The Supreme Court’s three liberal justices disagreed with the court’s decision not to hear the case of an Illinois inmate who claims that for three years he was illegally denied the opportunity to exercise while in solitary confinement.
In refusing to grant the petition in Johnson v. Prentice (court file 22-693), the justices declined to take up an appeal that would have looked at what rights are possessed by prisoners who have been isolated by authorities.
The court, which has a 6–3 conservative-leaning majority, denied the petition for certiorari, or review, in an unsigned order on Nov. 13. The court didn't explain its decision. At least four of the nine justices must vote for a petition for it to move forward to the oral argument stage.
The court “has long held that the test for evaluating an Eighth Amendment challenge to a prisoner’s conditions of confinement involves determining whether prison officials acted with ‘deliberate indifference’ to a substantial risk to an inmate’s health or safety.”
“With respect to the Eighth Amendment claim at issue in this case, the Court of Appeals for the Seventh Circuit affirmed the grant of summary judgment to prison officials without applying that well-established standard. Given this indisputable legal error, I would grant certiorari and summarily reverse,” she wrote.
The Eighth Amendment to the U.S. Constitution bans cruel and unusual punishment.
Justice Jackson’s dissenting opinion was joined by Justices Sonia Sotomayor and Elena Kagan.
For almost three years, Mr. Johnson has been classified as “seriously mentally ill” by the Illinois Department of Corrections. He suffers from bipolar disorder, severe depression, and other diagnosed conditions.
During his years in solitary confinement, Mr. Johnson has been confined to “a windowless, perpetually lit cell about the size of a parking space” that was “poorly ventilated, resulting in unbearable heat and noxious odors.” The cell was also dirty, “often caked with human waste.”
“And because Pontiac officials would not provide cleaning supplies to Johnson unless he purchased them from the commissary, he was frequently forced to clean that filth with his bare hands," the dissent reads. "Johnson was allowed out of his cell to shower only once per week, for 10 brief minutes.”
In addition to the hardships typically associated with solitary confinement, “prison officials completely deprived Johnson of exercise for nearly all of his incarceration at Pontiac.”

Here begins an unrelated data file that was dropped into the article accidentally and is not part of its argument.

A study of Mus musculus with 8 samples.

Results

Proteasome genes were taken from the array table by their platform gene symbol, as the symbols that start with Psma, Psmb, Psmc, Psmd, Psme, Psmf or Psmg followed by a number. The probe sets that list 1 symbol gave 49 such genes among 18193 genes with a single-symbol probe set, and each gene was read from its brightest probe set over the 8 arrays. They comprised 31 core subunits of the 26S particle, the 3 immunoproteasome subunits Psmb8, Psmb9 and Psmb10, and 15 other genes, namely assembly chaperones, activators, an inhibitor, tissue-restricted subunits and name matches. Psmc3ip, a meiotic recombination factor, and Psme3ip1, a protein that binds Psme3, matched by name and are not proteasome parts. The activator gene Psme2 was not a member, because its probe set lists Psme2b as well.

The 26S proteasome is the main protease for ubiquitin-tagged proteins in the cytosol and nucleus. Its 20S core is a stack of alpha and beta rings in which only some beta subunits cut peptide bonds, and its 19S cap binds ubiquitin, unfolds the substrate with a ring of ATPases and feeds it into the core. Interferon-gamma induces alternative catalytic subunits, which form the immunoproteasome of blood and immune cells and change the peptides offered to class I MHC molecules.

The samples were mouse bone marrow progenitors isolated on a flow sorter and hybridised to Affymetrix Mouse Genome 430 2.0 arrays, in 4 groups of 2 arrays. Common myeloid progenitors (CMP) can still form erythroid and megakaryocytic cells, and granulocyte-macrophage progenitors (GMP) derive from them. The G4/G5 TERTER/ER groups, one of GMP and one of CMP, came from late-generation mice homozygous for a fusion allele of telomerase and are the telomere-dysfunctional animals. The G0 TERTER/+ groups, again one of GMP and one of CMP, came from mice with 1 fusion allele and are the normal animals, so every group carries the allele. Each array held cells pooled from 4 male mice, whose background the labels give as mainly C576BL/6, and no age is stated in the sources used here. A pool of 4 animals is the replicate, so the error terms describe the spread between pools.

Inmates at the facility, even those placed in solitary confinement, are allowed at least eight hours of recreation time in the prison yard per week. In the yard, they are allowed to use basic exercise equipment and are given open space to walk around.
“[Mr. Johnson] was repeatedly placed under so-called ‘yard restrictions’ as punishment for various infractions, most of them minor, which resulted in the denial of any access to recreation outside his cell," Justice Jackson wrote. "Each yard restriction was imposed for a period of between 30 and 90 days, but the restrictions were stacked such that, in total, Johnson received over three years’ worth of yard restrictions.”
With such a prolonged period of exercise deprivation, Mr. Johnson’s mental state deteriorated rapidly as he suffered from hallucinations and physically harmed himself.
“Johnson became suicidal and sometimes engaged in misconduct with the hope that prison guards would beat him to death," Justice Jackson wrote. "His muscles also became prone to spasms and cramping, and he often complained of overwhelming fatigue. He developed respiratory difficulties, including painful chest contractions and nosebleeds.”
His degraded physical condition led to more yard restrictions as prison guards blamed him for various disruptions and having an unclean cell.
“This vicious cycle continued month after month until Johnson was transferred to a specialized mental-health treatment unit, where his condition improved,” the justice wrote.
A federal district court ruled against Mr. Johnson. A divided U.S. Court of Appeals for the 7th Circuit subsequently upheld the ruling.
The circuit court has consistently held that in this case and others that “yard restrictions must serve valid penological interests,” the state said.
Yet the cases cited by Mr. Johnson apply the same rule and undermine his argument. The lower court “correctly resolved petitioner’s yard-access claim based on the evidence before it and, even if it hadn’t, a request for error correction is not a basis for certiorari review.”
The state noted that from March 2013 through August 2016, Mr. Johnson was found guilty of 46 major prison rule violations arising from 30 incidents.
Mr. Johnson’s attorney, Daniel M. Greenfield of the MacArthur Justice Center in Washington, said he welcomed the dissenting opinion.
“We are grateful that Justices Jackson, Sotomayor, and Kagan recognized the panel majority’s ‘indisputable legal error,’” Mr. Greenfield told The Epoch Times by email.
“At the same time, we are saddened to live in an era where imposing such cruelty—let alone on a person known to suffer from mental illness—is acceptable to any federal judge. Three years of 24/7 solitary confinement, unrelieved by any opportunity for exercise, would have appalled the Founders. It should be no less shocking to us today,” he said.
The Epoch Times reached out to the Illinois attorney general’s office for comment but received none by press time.